Part of the series A Decade of Asthma
The progression of my understanding of the notorious asthma cough over the last decade with AG:
Post-diagnosis by about a year, circa 2002
Wait, you mean all my kid’s coughing is the actual asthma attack?
Still 2002, about six months later (What can I say? I’m a slow learner sometimes.)
Hold on, hold on, just HOLD THE PHONE. If all this coughing is her asthma, then all those “colds” when she was a baby and toddler weren’t really colds?
2002 and the next couple of years
Okay, got it. So I’ll treat all my daughter’s coughing fits with bronchodilators then.
Somewhere around the early-middle of the decade
Oh, great. I’m lost again. There’s asthma coughing and there’s throat coughing, and sometimes there’s both. Good thing this kid is old enough now to describe her symptoms to me now.
Seriously, though, I get a lot of questions about this one. Number seven of the top-10 lessons I learned about raising an asthmatic child? Understanding the difference between an asthma cough and a throat cough. This is the rough outline of the list I follow in my own head, not that it will necessarily work for you as your kid is different from mine, and not that any of this proves true all the time for my daughter, either. Still, though: carrying on!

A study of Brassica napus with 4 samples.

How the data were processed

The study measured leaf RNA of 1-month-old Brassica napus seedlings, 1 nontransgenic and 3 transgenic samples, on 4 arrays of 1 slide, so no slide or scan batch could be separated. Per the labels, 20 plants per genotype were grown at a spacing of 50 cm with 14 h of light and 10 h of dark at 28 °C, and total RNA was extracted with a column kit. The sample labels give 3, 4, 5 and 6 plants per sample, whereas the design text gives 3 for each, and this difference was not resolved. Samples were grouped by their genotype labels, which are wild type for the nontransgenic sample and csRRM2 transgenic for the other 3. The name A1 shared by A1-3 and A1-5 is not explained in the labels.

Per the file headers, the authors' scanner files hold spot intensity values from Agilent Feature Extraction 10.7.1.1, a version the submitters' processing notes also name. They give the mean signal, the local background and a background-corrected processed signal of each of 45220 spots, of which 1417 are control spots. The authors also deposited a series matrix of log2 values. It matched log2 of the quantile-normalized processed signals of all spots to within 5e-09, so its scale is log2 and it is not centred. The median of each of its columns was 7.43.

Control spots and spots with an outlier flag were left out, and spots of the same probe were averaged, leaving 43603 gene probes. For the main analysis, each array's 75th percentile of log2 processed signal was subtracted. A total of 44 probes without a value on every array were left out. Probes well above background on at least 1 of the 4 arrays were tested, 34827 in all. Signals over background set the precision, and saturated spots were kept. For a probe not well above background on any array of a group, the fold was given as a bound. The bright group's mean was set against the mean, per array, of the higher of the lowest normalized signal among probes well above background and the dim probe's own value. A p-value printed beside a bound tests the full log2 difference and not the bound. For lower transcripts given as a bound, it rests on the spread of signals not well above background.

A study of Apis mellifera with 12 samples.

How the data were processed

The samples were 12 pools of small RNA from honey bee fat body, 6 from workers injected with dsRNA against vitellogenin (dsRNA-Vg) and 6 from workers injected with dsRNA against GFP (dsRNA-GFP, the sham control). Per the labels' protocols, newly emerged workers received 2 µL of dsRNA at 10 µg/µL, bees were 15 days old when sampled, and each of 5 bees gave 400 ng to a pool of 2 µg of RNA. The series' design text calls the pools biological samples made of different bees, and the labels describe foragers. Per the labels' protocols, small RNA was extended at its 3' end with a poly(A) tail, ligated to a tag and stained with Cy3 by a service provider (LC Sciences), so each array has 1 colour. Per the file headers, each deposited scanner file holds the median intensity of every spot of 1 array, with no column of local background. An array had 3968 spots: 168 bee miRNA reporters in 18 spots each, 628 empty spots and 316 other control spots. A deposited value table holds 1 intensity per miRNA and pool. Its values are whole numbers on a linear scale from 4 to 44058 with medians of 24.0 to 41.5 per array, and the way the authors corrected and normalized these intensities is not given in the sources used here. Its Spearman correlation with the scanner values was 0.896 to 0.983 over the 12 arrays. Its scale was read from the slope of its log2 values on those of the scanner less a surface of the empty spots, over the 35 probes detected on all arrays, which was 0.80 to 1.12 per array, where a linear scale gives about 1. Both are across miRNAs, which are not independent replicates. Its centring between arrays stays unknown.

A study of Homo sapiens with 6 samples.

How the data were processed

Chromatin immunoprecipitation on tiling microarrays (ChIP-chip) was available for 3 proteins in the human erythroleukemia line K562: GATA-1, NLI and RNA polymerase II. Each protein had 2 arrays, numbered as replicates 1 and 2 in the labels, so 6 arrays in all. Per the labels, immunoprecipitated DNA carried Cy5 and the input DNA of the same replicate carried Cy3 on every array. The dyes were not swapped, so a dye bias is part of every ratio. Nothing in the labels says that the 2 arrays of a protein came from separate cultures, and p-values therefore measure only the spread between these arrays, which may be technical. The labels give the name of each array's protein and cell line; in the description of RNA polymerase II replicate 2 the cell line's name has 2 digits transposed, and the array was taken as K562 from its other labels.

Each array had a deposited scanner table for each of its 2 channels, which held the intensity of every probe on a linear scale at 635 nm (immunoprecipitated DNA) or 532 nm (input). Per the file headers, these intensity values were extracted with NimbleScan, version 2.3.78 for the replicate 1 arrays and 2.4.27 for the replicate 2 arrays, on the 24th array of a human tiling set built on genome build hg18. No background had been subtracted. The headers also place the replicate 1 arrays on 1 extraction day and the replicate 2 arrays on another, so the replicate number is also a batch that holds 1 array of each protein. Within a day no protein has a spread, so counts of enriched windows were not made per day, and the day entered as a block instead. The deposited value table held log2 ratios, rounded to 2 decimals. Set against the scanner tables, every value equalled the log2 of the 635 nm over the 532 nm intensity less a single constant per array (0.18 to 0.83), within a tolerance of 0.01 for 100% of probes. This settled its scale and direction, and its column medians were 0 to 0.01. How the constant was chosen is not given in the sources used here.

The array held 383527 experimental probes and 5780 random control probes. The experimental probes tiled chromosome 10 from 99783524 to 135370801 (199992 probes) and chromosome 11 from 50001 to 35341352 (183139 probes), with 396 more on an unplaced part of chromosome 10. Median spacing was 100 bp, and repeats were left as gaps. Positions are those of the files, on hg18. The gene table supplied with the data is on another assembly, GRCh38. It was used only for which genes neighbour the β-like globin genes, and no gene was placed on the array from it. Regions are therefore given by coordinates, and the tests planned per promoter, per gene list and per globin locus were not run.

Asthma Coughing Is Usually
- dry and tight
- patterned and/or occurring in fits
- accompanied by faster breathing and/or chest tightness
Throat Coughing Is Usually
- wet and congested
- sometimes/somewhat eased by blowing nose, clearing throat, taking a drink, or using a cough drop
- accompanied by a sore or scratchy throat
Whether to treat an asthma kid’s cough outside the normal bronchodilator routine is partially a judgment call and also depends on the doctor’s advice, the age of the child, and the severity of the asthma symptoms.
I treat AG when she coughs from her throat, but that’s a fairly recent development as she’s gotten older and only occurs under specific conditions (which are mentioned in the link above).